No Comment From Military On Crash Of F-15E Jet
Posted June 5, 2003 12:40 p.m. EDT
JOHNSTON COUNTY, N.C. — Air Force officials are investigating what caused a fighter jet to crash during a training exercise 25 miles west of Seymour Johnson Air Force Base Wednesday afternoon.
Military officials said the pilot and the weapons systems officer ejected safely from the F-15E Strike Eagle before it went down around 5 p.m. in a wooded area near Strickland Crossroads Road in Four Oaks. The jet was assigned to the 4th Fighter Wing at Seymour Johnson Air Force Base.
Johnston County sheriff Steve Bizzell said one flier's parachute snagged in a tree about 30 feet off the ground before he was rescued about an hour after the crash.
"We're just grateful that our people are safe, and they get to go home to their families," said Staff Sgt. Bryan Bouchard, a 4th Fighter Wing spokesman who reported to the scene Wednesday evening.
Air Force emergency response teams were sent to the scene, about 25 miles west of the base. A second Air Force jet circled over the crash scene.
Bizzell said the jet crashed in a heavily forested area away from any homes or other structures. The plane caught fire after it went down, sending a thick plume of black smoke into the sky above the forest.
Before putting out the fire, firefighters were warned to take special precautions against the fumes, said Jason Barbour, an emergency operations dispatcher.
On the ground, there were no reports of any injuries or damage to the surrounding area.
Bizzell cautioned residents and motorists to stay away from the area where the plane went down, adding that roadblocks had been set up on nearby roads. Bouchard asked anyone who comes across crash debris to contact local law enforcement.
Bouchard also said there did not appear to be any danger from fumes to the public.
"We have individuals that are investigating the crash site," he said. "As far as I know, there has been no call for anything precautionary in that matter."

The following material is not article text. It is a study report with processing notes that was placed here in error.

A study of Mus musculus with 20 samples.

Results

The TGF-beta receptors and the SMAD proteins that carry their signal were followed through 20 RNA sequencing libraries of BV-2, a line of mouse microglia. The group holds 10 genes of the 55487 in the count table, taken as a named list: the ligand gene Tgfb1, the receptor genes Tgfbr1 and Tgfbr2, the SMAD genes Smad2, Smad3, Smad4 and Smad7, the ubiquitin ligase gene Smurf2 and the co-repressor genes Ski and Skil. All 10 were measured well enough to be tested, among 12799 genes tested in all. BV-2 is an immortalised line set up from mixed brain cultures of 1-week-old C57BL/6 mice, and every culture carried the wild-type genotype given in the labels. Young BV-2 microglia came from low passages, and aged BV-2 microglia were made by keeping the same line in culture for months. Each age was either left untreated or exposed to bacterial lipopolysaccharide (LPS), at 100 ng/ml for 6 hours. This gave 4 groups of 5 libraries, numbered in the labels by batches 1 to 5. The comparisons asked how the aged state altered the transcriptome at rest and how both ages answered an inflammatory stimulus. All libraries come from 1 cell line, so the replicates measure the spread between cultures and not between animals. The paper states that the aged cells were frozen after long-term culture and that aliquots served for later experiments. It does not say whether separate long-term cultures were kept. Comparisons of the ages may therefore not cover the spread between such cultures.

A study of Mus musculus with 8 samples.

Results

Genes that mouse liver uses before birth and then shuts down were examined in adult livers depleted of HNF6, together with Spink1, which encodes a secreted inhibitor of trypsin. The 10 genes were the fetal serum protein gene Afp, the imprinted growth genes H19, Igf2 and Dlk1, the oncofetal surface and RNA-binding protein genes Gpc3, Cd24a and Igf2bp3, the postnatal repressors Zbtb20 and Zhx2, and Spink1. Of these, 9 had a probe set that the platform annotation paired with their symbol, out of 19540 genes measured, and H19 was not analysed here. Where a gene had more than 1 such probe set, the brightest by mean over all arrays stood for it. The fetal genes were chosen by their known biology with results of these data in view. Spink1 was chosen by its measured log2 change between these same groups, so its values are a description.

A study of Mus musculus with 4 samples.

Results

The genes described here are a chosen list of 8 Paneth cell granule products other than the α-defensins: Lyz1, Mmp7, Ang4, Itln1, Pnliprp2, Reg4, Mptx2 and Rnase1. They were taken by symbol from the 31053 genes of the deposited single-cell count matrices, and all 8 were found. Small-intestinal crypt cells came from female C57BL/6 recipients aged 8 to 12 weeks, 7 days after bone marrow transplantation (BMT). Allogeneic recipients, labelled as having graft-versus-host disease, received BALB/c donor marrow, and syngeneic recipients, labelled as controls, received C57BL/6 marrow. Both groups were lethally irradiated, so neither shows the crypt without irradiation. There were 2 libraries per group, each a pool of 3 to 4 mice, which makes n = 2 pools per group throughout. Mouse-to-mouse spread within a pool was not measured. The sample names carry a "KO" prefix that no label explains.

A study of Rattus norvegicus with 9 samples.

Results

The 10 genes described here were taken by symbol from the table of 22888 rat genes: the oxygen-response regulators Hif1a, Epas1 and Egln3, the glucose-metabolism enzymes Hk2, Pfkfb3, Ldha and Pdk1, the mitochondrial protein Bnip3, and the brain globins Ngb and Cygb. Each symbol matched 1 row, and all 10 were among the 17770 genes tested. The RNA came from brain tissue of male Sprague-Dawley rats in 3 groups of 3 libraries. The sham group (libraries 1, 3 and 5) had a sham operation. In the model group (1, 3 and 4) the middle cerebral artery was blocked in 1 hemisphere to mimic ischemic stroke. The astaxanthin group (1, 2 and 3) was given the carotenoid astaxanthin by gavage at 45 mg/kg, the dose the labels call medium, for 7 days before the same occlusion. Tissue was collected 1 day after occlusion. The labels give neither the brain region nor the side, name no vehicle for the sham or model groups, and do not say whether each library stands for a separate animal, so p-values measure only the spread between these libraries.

One witness in the area said she was sitting outside with her mother when she noticed the plane was in a downward spiral. Another witness commented about how loud the crash was. There also reportedly was a strong smell of fuel.
David Massengill was clearing brush when he witnessed the plane falling.
"All of a sudden, we heard a loud noise," Massengill said. "I kept looking up in the sky to see this plane that was coming. I couldn't never see anything, then all of a sudden it fell down through the clouds. It just went in a spiral motion, and we saw it hit the ground."
Samuel Grissom, 13, was helping his father, Bryan, put a roof on his uncle's house when they saw the plane going down.
"I saw it was coming down from the clouds, and it was doing, like, 25 spirals," Samuel said. "Then all of a sudden, it just went behind the trees. And there was an explosion, black smoke everywhere."
About 40 military officials were on the scene Wednesday night. Emergency personnel reportedly had a difficult time reaching the crash site because of the thick foliage and ground that was soggy from days of rain.
The crash marked the first time an Air Force jet from Seymour Johnson has crashed in North Carolina during training in almost six years.
The Air Force says the F-15E Strike Eagle is packed with electronics systems that give the jet the capability to fight at low altitude and perform its primary duty as an air-to-ground attack aircraft. It also has the capability to fight other aircraft on its way to a target.
The aircraft has a top speed of two-and-half times the speed of sound. Since entering service in the 1970s, the Strike Eagle has never been shot down by an enemy plane.
The F-15 is armed with a variety of missiles, depending on the mission. The F-15E model also has an internally mounted 20 millimeter gun that can carry up to 500 rounds.
The aircraft carries a crew of two -- a pilot and a weapons system manager. Each of the fighter jets costs $31.5 million.
More than 1,000 members of the 4,500-member 4th Fighter Wing, which fly the F-15Es, were deployed to the Middle East this year and flew numerous bombing sorties on targets in Iraq before beginning to return home in April.
It was unknown Wednesday whether the jet or crew in Wednesday's crash was deployed in Iraq.